Wednesday, October 7, 2009

Portrayals of the Future in the Past

Recognize this image? It's a still from a film.

How about this one?

Same film.

It reminds me of this scene from a movie produced 80 years later:

Professor X observed that George Lucas must have been inspired by the earlier flick when he filmed Star Wars. It's funny how we attribute all things related to a movie to the director, isn't it? What about the art director or the visual and special effects people? But I digress...

We went to the Science Fiction Museum in Seattle recently, and Super Son saw this poster for a 1927 silent film:
I really didn't know anything about the film, but was sufficiently intrigued to borrow it from the library once we returned home. The four of us gathered around the magic picture machine last evening to have a communal viewing experience.

Activist/author Susan Sontag once commented Science fiction films are not about science. They are about disaster, which is one of the oldest subjects of art." Metropolis certainly has its share of disaster. We're transported to a dystopia of exploited, exhausted drudge workers who toil so that the privileged class can party hearty. It was fascinating to watch this classic, although I must confess we did stoop to making up some pretty hilarious dialogue as the silent actors spoke at length, heavily emoting. So many scenes had virtually no intertitles, or if they did, there'd be only a sentence of dialogue provided for many minutes of talking. The acting was often highly exaggerated, and movement sometimes almost resembled a ballet. Much of the film was slightly crude; it felt heavy handed.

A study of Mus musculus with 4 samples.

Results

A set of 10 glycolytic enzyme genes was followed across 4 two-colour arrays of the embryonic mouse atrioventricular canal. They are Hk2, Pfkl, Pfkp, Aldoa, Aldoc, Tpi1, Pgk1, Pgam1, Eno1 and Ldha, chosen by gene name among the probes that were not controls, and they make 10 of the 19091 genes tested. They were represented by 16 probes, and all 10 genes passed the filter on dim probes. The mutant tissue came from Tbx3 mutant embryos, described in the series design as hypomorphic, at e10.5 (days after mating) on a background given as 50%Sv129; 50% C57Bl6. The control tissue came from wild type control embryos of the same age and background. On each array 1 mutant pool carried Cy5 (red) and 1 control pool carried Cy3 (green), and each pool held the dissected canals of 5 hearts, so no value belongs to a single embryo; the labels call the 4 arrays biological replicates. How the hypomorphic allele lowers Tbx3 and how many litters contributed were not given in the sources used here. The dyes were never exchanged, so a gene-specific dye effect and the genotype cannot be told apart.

Still, it was compelling. There's a good synopsis of the story here. Consider the similarities between this scene of a Metropolis shift change.

Click the pic to see the video clip

and this 2009 youtube video post, Cubicle Life Call Centers.

More thoughts on this tomorrow. I have a sink full of dirty dishes, a laundry room full of dirty clothes, and a to do list a mile long.


Bee said...

The Susan Sontag quote helps me frame why I don't like science fiction much. There's already enough disaster around without imagining future possibilities for it.

Interesting post, though. (It's cool that your family watched this together. Your children must be incredibly literate in the visual arts!)

La Belette Rouge said...

We are watching Dr. Who on BBC and I am seeing that the underlying message is about feeling alienated in a culture that is dehumanizing. Almost every episode we watch makes me cry. I never thought a science fiction show could make me cry. Yeah, I am a softy.;-)

Lisa Wheeler Milton said...

I haven't thought about this film in a long time. I saw it when I was 21, at one of my first film festivals.

It was powerful, especially if you consider when it was made.

Anonymous said...

I'm surprised you weren't familiar with "Metropolis". Maybe it's because I'm European, and it's perhaps more well-known over there(?), or because I've got a degree in German, but I recognized those stills straight away as being from "Metropolis" even though I've never seen it. Even that fact alone just suggests how amazing it must be. It's astounding that something can be so visually unique that, all those years after it was made, somebody who has never seen it can recognize its style.

I really need to get around to seeing it. It's always been on "to-do list".